Stern bills reach committee hearings Tuesday

By Gina Ender

Last update: Monday, April 3rd, 2017

Two of Senator Henry Stern’s bills will hit Senate committee floors on Tuesday.

Senate Bill 57, which would prevent natural gas injections from resuming in Aliso Canyon, will go to the Energy, Utilities and Communications committee.

Because of the large Aliso Canyon gas leak that occurred in October 2015, Stern’s bill would require a root cause analysis to determine the cause before injections could resume.

“SB 57 is about restoring the public’s trust in government and delivering on the basic promise of health and safety to all Californians,” Stern said in a statement to The Signal. “The root cause analysis will provide clear answers to what caused the well failure, and that is critical to providing certainty to the public that all steps have been taken to prevent a future incident like the one my constituents experienced.”

Los Angeles County Fire Department Chief Bill Jones, L.A. County Chief Legislative Representative Phyllis Marshall and California Environmental Justice Alliance Policy Advocate Diana Vazquez will all testify at the hearing.

U.S. Senator Dianne Feinstein, State Senators Bob Hertzberg (D-Van Nuys) and Scott Wilk (R-Antelope Valley), Assemblyman Dante Acosta (R-Santa Clarita), the Los Angeles County Board of Supervisors, Mayor Eric Garcetti and the Los Angeles City Council all expressed support of the bill.

The Natural Resources and Water Committee voted in favor of the bill 7-2 in early February.

This hearing was rescheduled from two weeks prior after it was taken off the committee’s agenda.

Additionally, Senate Bill 286 will be heard by the Elections and Constitutional Amendments Committee, of which Stern is the chairman.

The bill would allow vote-by-mail voters to cast a live ballot at a polling place. Voters who lose their mail-in ballot or never receive it will be allowed to go to the polls to cast a regular ballot after a polling officer verifies that a vote-by-mail ballot has not already been submitted by that voter.

“Senate Bill 286 is an important step to reform and improve the elections process,” Stern said in a statement to The Signal. “It will save counties money and make voters feel more confident that their votes have been counted.”

If voters surrender their vote-by-mail ballots, they will be allowed to vote at their home precincts with nonprovisional ballots instead of provisional ones.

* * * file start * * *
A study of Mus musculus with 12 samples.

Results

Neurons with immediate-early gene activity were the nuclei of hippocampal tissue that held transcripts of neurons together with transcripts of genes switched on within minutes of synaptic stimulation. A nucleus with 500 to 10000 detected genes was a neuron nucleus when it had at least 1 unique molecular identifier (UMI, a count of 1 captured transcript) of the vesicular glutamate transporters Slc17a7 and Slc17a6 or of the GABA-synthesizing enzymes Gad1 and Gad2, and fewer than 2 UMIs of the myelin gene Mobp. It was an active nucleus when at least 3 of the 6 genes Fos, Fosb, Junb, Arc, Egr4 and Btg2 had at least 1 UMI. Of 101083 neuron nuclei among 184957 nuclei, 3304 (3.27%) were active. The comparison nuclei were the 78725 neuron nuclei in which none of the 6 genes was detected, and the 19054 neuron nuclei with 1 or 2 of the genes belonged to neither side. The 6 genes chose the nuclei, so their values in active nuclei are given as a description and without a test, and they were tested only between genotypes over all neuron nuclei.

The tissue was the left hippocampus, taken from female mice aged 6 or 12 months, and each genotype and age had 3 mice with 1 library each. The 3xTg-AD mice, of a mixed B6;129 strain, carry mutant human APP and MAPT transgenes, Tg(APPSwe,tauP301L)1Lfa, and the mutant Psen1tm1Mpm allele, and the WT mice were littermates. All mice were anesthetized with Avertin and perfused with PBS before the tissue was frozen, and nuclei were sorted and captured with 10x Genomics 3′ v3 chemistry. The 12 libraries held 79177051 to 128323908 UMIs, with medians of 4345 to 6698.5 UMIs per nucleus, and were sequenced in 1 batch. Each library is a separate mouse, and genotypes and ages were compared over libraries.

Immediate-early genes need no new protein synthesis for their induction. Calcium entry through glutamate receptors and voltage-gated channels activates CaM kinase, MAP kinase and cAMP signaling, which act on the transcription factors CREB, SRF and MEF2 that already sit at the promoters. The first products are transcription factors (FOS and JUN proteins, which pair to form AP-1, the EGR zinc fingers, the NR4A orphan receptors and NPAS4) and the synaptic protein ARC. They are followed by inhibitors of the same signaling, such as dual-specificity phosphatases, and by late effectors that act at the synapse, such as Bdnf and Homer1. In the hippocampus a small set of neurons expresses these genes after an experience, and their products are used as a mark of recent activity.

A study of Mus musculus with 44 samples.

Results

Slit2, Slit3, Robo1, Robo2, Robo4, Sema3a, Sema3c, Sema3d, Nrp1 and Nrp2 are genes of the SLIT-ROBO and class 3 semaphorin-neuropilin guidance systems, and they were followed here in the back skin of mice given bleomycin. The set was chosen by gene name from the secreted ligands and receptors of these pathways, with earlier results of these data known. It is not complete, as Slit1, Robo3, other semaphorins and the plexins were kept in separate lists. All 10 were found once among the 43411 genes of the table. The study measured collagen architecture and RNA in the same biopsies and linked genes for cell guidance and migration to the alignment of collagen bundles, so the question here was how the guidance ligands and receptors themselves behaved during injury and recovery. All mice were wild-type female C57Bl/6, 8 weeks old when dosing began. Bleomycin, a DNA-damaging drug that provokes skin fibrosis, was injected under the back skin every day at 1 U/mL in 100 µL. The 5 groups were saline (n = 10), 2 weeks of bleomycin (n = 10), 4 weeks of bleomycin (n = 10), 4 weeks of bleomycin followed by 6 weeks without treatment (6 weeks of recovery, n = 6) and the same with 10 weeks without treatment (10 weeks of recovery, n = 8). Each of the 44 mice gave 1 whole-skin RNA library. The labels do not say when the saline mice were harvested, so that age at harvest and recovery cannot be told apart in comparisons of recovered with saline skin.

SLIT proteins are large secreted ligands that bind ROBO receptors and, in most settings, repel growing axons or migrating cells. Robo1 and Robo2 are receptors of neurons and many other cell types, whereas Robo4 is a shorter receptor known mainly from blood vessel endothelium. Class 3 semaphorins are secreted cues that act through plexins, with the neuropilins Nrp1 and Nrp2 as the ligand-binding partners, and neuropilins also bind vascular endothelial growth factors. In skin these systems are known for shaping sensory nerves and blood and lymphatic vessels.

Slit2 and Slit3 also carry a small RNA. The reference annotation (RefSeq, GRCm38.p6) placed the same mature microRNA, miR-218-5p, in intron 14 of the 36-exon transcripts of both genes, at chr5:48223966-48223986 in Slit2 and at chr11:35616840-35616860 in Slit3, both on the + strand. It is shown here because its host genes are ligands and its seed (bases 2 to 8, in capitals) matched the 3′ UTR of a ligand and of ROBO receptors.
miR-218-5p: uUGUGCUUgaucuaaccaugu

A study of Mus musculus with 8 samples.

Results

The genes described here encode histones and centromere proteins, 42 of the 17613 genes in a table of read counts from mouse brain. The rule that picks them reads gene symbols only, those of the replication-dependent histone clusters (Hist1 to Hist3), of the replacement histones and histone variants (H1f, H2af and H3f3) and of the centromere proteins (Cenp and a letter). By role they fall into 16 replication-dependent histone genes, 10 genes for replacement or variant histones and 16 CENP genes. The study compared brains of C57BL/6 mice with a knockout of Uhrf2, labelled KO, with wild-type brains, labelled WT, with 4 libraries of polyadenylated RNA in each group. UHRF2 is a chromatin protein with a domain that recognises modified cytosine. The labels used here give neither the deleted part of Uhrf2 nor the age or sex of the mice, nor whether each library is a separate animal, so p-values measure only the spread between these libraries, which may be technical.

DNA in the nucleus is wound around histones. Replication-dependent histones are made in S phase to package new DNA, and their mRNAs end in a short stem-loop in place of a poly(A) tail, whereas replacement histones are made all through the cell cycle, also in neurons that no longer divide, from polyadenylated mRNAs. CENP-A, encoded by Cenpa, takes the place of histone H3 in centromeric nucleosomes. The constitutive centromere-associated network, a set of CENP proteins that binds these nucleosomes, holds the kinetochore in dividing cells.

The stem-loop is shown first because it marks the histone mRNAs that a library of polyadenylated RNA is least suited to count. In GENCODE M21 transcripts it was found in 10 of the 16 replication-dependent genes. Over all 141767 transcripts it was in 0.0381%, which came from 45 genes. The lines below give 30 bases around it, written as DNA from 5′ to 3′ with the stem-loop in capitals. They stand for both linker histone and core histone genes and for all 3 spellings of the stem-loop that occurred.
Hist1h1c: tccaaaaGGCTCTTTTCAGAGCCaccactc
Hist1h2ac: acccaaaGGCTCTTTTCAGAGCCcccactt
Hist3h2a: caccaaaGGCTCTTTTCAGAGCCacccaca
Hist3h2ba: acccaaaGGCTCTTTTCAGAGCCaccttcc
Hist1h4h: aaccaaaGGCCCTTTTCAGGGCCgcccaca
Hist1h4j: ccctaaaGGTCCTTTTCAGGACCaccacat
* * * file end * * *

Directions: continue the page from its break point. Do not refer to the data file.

Senate Bill 807, Stern’s initiative to waive taxes for California teachers, was originally supposed to go to committee Wednesday but has been postponed for several weeks.

gender@signalscv.com
661-287-5525
On Twitter as @ginaender


Henry Stern, Feel The Stern,
State Sen. Henry Stern. Courtesy photo

Two of Senator Henry Stern’s bills will hit Senate committee floors on Tuesday.

Senate Bill 57, which would prevent natural gas injections from resuming in Aliso Canyon, will go to the Energy, Utilities and Communications committee.

Because of the large Aliso Canyon gas leak that occurred in October 2015, Stern’s bill would require a root cause analysis to determine the cause before injections could resume.

“SB 57 is about restoring the public’s trust in government and delivering on the basic promise of health and safety to all Californians,” Stern said in a statement to The Signal. “The root cause analysis will provide clear answers to what caused the well failure, and that is critical to providing certainty to the public that all steps have been taken to prevent a future incident like the one my constituents experienced.”

Los Angeles County Fire Department Chief Bill Jones, L.A. County Chief Legislative Representative Phyllis Marshall and California Environmental Justice Alliance Policy Advocate Diana Vazquez will all testify at the hearing.

U.S. Senator Dianne Feinstein, State Senators Bob Hertzberg (D-Van Nuys) and Scott Wilk (R-Antelope Valley), Assemblyman Dante Acosta (R-Santa Clarita), the Los Angeles County Board of Supervisors, Mayor Eric Garcetti and the Los Angeles City Council all expressed support of the bill.

The Natural Resources and Water Committee voted in favor of the bill 7-2 in early February.

This hearing was rescheduled from two weeks prior after it was taken off the committee’s agenda.

Additionally, Senate Bill 286 will be heard by the Elections and Constitutional Amendments Committee, of which Stern is the chairman.

The bill would allow vote-by-mail voters to cast a live ballot at a polling place. Voters who lose their mail-in ballot or never receive it will be allowed to go to the polls to cast a regular ballot after a polling officer verifies that a vote-by-mail ballot has not already been submitted by that voter.

“Senate Bill 286 is an important step to reform and improve the elections process,” Stern said in a statement to The Signal. “It will save counties money and make voters feel more confident that their votes have been counted.”

If voters surrender their vote-by-mail ballots, they will be allowed to vote at their home precincts with nonprovisional ballots instead of provisional ones.

Senate Bill 807, Stern’s initiative to waive taxes for California teachers, was originally supposed to go to committee Wednesday but has been postponed for several weeks.

gender@signalscv.com
661-287-5525
On Twitter as @ginaender

About the author

Gina Ender

Gina Ender

Gina Ender is a journalist covering city government and breaking news in the Santa Clarita Valley. She joined The Signal as a staff writer in February 2017. You can contact Gina Ender at gender@signalscv.com, 661-287-5525 or follow her on Twitter at @ginaender.